The sports world is full of heroes. We like to remember the player who hits the game-winning home run. But there is always a flip side to some fans’ ecstasy.
Here are 10 sports figures who laid eggs at some point in their careers:
Scott Norwood, Buffalo Bills – Don’t mention this name if you ever go to Buffalo. In Super Bowl XXV, Norwood missed a 47-yard field goal as time expired. The miss gave the New York Giants a 20-19 win and started the Bills on the ignominious path of losing four consecutive Super Bowls.
Roberto De Vicenzo, PGA Tour – At the 1968 Masters, De Vicenzo came into the tournament as the reigning British Open champion. Unfortunately, he would leave as the perpetrator of one of golf’s most famous blunders. De Vicenzo shot a final-round score that would have tied him for the lead and put him in a playoff the following day. Instead, he signed for an incorrect score and finished second. Though he won over 200 tournaments worldwide and was inducted into the World Golf Hall of Fame in 1989, he will always be remembered for that incorrect scorecard.
Bill Buckner, Boston Red Sox – Two outs. Two strikes. World Series title in hand. Ground ball through Buckner’s legs. What else needs to be said?
Rick Ankiel, St. Louis Cardinals – Ankiel was a promising Cardinals starting pitcher in 2000. He won 11 games and finished second in Rookie of the Year voting. But in a playoff game against the Braves, he forgot how to throw strikes. In one inning he walked four batters and threw five wild pitches. He never recovered as a pitcher. To his credit, Ankiel started over as an outfielder and is still in the major leagues with the Washington Nationals.
Leon Lett, Dallas Cowboys – Though the play had no impact on the outcome of the game, Lett gave sports a memorable blunder in Super Bowl XXVII. Late in the game Lett recovered a fumble, but as he ran for a sure touchdown, he slowed as he neared the end zone. That allowed a hustling Don Beebe to catch him and swat the ball out of his hand, costing Lett a Super Bowl touchdown and promising decades of future jokes.
Terrell Owens, Philadelphia Eagles – It’s kind of hard to limit the blunders when it comes to Owens. In 2005, while whining for a new contract, he was kicked out of training camp by Eagles coach Andy Reid. He then thought it would be a good idea to conduct a press conference while shirtless and doing sit-ups in his driveway. Classy.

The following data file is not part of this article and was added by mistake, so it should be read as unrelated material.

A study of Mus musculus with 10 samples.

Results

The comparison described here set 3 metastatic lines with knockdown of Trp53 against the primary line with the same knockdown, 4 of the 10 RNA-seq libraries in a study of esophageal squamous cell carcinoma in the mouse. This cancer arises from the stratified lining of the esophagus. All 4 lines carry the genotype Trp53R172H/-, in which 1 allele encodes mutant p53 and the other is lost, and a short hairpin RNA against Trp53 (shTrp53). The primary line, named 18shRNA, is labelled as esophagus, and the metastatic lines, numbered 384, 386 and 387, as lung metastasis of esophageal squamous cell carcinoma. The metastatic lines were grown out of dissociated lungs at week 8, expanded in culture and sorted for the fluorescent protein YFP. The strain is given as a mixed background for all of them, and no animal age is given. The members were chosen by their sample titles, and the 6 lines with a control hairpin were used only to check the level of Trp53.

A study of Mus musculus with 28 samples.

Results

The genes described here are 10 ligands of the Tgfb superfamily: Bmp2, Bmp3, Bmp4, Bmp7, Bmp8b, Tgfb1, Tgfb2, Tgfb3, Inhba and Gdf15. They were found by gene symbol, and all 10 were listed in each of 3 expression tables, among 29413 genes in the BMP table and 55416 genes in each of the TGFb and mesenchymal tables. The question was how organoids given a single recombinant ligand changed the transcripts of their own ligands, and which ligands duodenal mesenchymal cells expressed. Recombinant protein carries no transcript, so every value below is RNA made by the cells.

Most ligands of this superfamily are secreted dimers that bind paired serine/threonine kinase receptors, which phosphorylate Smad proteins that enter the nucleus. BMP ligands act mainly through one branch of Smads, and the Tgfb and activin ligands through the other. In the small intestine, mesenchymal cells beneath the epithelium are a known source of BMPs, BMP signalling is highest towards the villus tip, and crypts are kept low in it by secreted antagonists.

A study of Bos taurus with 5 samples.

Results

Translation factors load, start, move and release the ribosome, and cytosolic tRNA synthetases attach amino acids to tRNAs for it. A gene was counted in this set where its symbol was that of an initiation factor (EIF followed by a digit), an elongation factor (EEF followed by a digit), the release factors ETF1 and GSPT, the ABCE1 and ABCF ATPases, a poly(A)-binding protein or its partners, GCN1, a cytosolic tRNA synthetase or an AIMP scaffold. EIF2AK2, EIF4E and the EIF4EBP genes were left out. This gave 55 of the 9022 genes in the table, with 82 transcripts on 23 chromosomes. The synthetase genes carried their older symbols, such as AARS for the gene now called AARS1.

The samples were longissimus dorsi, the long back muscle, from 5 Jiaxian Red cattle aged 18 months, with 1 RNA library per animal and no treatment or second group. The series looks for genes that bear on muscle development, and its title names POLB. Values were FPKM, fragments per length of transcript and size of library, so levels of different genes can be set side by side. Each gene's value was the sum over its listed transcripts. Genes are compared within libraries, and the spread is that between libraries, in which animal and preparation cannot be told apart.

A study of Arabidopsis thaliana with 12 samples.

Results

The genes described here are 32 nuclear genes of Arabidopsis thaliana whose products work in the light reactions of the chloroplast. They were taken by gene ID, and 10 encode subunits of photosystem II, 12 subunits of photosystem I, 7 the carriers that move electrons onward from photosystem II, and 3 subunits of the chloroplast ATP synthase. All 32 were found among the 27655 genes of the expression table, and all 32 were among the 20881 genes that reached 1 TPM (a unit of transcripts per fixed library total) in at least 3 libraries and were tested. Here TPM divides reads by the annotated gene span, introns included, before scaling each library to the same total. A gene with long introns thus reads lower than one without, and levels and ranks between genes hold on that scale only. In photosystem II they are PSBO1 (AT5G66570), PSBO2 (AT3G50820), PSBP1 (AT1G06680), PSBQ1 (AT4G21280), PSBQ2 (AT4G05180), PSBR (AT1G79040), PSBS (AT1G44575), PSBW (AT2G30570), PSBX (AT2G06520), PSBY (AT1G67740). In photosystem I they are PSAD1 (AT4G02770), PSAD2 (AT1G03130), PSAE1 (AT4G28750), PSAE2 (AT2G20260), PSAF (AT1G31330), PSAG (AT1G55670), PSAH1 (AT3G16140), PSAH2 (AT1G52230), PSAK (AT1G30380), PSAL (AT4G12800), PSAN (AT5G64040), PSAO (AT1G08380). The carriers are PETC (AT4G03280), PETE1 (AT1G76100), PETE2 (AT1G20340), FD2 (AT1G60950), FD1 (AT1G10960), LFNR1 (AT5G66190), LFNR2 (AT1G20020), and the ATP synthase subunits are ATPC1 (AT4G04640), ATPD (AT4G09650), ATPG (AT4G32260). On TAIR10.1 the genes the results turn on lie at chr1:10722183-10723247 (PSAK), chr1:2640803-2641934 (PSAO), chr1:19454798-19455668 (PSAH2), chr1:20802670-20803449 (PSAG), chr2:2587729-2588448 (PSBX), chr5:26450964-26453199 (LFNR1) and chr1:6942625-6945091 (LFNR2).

Ron Artest, Indiana Pacers – The image of Artest climbing into the stands to fight with fans is another enduring sports blunder. Not even changing his name to Metta World Peace is going to make that one go away.
Ralph Branca, Brooklyn Dodgers – Branca had a solid major league career. He was a 21-game winner for the Dodgers in 1947. Sadly, for him, nobody remembers that. They just remember him giving up one of the most famous home runs in baseball history. In 1951, Branca threw the pitch that Bobby Thompson crushed to give the Giants the NL pennant and created “The Shot Heard ‘Round the World.”
1964 Phillies, National League – Before the Red Sox and Braves crumbled and gave up huge leads in the wild-card races in 2011, the Phillies owned the biggest gag job for MLB teams. In 1964, the Phillies had a 6 1/2 game lead with 12 games to play in the battle for the National League pennant. The Phils then lost 10 of their final 12 games and were caught by the Cardinals, who then went on to beat the Yankees in the World Series.
Greg Norman, professional golfer – This one still pains me. I was a huge Greg Norman fan, and when, in 1996, he entered the final round of the Masters with a six-stroke lead, I thought his time for a green jacket had finally come. But Norman collapsed and shot a final-round 78, allowing Nick Faldo to win the tournament.
Brad Boeker watched every hole of Greg Norman’s 1996 Masters collapse. It still gives him nightmares.